What comes to mind when you think about distracted driving? Many people associate this with nothing more than the use of technology in their vehicle. While this is a common form of distracted driving, there are many others that you need to familiarize yourself with.
Any type of distracted driving is dangerous, as it means you’re not focusing your full attention on the road ahead and the vehicles around you. Here are several types of distracted driving that can cause trouble, such as an accident or moving violation:
- General daydreaming: This is nothing more than becoming lost in your thoughts when you should be paying attention to the task at hand.
- Cellphone use: With so many ways to use a cellphone, from texting to talking to checking email, it’s tempting to do so when driving.
- Outside event: A lot of things can happen outside your vehicle that distract you. Common examples include staring at the aftermath of a car accident and watching a person on the sidewalk.
- Passengers: It’s common to drive with other people in your vehicle, but you can’t let them become a distraction. For example, you should never turn around to see what a child (or pet) is doing in the backseat.
- Reaching for an object: Maybe you’re reaching for your cellphone that you stored in your glove box. Or maybe you lost something under your seat. When you reach for something, you can’t keep both hands on the wheel.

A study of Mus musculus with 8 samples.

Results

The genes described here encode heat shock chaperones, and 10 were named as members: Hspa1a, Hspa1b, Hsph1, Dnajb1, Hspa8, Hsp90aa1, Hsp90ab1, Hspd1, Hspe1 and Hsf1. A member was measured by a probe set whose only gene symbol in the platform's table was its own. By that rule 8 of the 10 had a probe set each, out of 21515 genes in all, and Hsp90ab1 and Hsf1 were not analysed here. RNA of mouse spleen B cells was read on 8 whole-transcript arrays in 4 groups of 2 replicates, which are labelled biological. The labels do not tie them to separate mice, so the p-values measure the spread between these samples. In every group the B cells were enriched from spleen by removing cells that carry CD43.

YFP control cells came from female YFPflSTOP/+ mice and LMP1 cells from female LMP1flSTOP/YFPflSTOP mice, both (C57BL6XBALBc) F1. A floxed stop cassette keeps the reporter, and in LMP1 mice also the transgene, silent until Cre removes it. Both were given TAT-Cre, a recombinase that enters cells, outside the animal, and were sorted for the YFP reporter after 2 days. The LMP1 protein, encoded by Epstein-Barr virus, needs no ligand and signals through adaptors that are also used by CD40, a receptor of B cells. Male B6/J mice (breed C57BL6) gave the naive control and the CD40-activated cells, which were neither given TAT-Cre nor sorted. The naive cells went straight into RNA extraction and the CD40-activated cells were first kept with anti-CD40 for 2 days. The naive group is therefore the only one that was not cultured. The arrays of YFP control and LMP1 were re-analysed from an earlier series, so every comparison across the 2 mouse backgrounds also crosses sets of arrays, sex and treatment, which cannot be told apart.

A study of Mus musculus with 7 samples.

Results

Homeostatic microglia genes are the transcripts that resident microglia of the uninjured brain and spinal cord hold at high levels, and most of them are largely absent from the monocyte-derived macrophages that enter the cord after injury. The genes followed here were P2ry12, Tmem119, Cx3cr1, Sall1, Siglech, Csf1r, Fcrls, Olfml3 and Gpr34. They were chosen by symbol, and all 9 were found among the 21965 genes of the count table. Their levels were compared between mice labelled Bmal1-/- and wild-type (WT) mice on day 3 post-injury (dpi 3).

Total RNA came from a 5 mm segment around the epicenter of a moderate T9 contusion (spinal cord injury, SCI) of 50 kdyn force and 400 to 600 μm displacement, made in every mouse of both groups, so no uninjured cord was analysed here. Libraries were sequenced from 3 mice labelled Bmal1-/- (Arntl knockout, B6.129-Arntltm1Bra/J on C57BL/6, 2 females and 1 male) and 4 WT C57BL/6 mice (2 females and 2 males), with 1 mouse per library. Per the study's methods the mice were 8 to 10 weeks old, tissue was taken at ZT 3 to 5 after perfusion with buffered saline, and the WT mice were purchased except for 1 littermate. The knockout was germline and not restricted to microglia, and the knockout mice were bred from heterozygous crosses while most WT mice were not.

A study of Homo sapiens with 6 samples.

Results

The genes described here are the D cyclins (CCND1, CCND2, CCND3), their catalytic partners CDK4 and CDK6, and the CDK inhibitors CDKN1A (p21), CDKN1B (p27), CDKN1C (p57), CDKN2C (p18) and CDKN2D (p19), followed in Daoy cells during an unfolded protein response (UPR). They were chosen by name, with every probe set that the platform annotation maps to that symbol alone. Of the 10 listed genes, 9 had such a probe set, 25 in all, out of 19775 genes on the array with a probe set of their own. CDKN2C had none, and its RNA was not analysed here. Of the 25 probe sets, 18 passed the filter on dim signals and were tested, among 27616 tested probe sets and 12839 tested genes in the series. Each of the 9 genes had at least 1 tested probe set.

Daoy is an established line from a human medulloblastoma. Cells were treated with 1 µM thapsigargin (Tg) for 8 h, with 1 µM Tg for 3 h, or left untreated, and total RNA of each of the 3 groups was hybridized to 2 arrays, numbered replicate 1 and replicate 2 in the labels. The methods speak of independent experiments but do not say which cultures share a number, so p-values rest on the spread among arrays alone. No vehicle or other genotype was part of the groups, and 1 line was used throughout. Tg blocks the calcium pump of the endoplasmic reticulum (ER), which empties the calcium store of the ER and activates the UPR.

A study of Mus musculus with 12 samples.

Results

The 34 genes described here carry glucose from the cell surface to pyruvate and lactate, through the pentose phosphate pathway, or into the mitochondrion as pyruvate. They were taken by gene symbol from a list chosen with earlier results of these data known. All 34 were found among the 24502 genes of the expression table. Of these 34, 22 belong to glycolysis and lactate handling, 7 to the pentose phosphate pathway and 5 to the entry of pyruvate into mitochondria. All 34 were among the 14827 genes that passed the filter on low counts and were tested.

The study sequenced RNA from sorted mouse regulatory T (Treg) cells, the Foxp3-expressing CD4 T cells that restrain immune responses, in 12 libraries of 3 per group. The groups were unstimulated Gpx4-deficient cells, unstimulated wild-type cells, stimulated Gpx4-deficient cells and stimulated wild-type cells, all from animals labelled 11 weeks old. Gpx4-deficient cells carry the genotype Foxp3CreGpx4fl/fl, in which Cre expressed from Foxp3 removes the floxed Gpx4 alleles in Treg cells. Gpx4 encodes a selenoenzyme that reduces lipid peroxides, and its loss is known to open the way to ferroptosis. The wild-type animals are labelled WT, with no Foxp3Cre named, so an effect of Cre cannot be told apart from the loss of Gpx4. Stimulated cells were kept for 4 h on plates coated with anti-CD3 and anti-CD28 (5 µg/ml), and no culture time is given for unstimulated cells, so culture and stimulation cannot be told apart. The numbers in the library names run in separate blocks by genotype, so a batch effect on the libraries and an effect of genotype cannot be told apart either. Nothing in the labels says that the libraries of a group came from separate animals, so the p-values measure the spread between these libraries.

- Drinking or eating: Even if you’re thirsty or hungry, you should refrain from doing either while driving. Again, it means that you’re unable to keep your hands on the wheel.
- Adjusting vehicle controls: From the navigation system to the radio, there are many controls you can fiddle with when driving. These can take your eyes away from the road, as well as one or both hands off the wheel.
Since distracted driving comes in many forms you must pay close attention to everything you’re doing from the moment you put your vehicle in drive.
While doing your best to avoid distractions, you may find that other drivers don’t care to take the same level of caution. If a distracted driver strikes your vehicle, you may be able to hold the person responsible for your injuries and damages.